1,125 tower crane accidents worldwide, over 780 deaths — main causation factor was exposure to wind.

Part 1 of a 2 part series on wind hazards in the construction industry and built environment

This article was first published by NationsBuilders Insurance Services, Inc. (NBIS), and is republished here with permission of the authors. © 2018 NationsBuilders Insurance Services, Inc. (NBIS).

By Billy Smith

Wind: it might be invisible, but it’s still one of the most audacious hazards a crane operator can encounter. According to ANSI, “Between 2000 and 2010, there were 1,125 tower crane accidents reported worldwide, resulting in over 780 deaths.” One of the main causation factors in those accidents was exposure to wind, which caused 23 percent of all accidents.

When Hurricane Irma hit South Florida on September 10, 2017, the topic of wind and how it relates to cranes, and, specifically tower cranes, was once again in the news. A Miami Herald headline for that day read: “Three cranes at South Florida construction sites have snapped in Irma’s howling winds.”

Wind presents critical daily challenges, especially as it pertains to controlling a load. A slight wind makes it challenging for an operator to keep a load steady. Load drift, load spin, swinging the boom, and holding the load in place are all factors the operator has to adjust for and work to control when wind is present. Taking that into consideration, Mark Krajci, the Product Manager for All-Terrain Cranes at Tadano America, has developed five practical points to consider when it comes to wind.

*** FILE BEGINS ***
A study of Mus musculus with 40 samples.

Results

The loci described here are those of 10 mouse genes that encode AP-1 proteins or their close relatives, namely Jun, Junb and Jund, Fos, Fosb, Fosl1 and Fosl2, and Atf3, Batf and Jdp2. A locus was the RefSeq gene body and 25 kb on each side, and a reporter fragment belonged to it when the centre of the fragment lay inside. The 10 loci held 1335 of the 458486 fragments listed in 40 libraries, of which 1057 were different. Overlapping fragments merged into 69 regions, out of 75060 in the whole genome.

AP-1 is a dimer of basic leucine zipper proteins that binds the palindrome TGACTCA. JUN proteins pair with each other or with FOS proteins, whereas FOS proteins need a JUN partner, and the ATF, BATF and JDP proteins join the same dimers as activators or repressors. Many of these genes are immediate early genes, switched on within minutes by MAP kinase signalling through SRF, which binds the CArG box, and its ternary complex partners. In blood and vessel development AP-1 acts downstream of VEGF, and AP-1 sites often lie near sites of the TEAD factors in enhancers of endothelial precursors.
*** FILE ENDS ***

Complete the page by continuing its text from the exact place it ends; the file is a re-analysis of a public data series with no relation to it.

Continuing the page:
1. Prior to a lift, you should anticipate and study the possible effects of wind on the load on the crane. The larger the load and sail area, the lower the wind speed the load can safely be lifted in. (There is a formula for this in every operator’s manual.)
  2. Prior to any lift, check the latest weather reports for possible high wind conditions and plan accordingly. The Site Supervisor, the Lift Director and the Operator all have a part in this plan.
  3. Always have access to and know where the Beaufort wind chart and deduction notes are located in the operator’s manual and load charts.
  4. It is essential that the crane be properly set up. Out-of-level cranes only get worse in high-wind conditions
  5. Never carry out lifting operations when the permissible wind speed has been exceeded. Know what this speed. If equipped, use the anemometer.

(Source: Smith, Billy. “Invisible Threat.” NationsBuilders Insurance Services, Inc. (NBIS), NationsBuilders Insurance Services, Inc. (NBIS), 12 Sept. 2018, www.nbis.com/blog/invisible-threat.)

About the Author

In his role as Executive Vice President, Billy manages the relationship NBIS has with a number of industry associations and oversees various sales and marketing, claims, risk management, loss prevention, safety awareness, and accident investigation tasks. Billy was one of the primary innovators of the NBIS Risk Management Support System (RMSS), and he and his recognized team of experts have helped establish NBIS’s reputation as an industry leader.

Billy is a well-known figurehead and thought leader who has been published many times over in magazines such as American Cranes and Transport, International Cranes and Specialized Transport, Crane Works, and Lifting and Transportation. He has also been acknowledged in the book, “Crane and Derricks,” and is a widely sought-after public speaker.

About NationsBuilders Insurance Services, Inc. (NBIS)

NationsBuilders Insurance Services, Inc., “NBIS,” a Delaware corporation headquartered in Atlanta, Georgia, is a leading provider of risk management products and services to commercial heavy equipment operators across 50 states.

As a full-service provider program, we deliver custom program insurance options to agents/brokers, reinsurance support to our partners, claims adjusting/claims investigation and risk management tools to all parties involved to achieve lowest cost outcomes for our customers.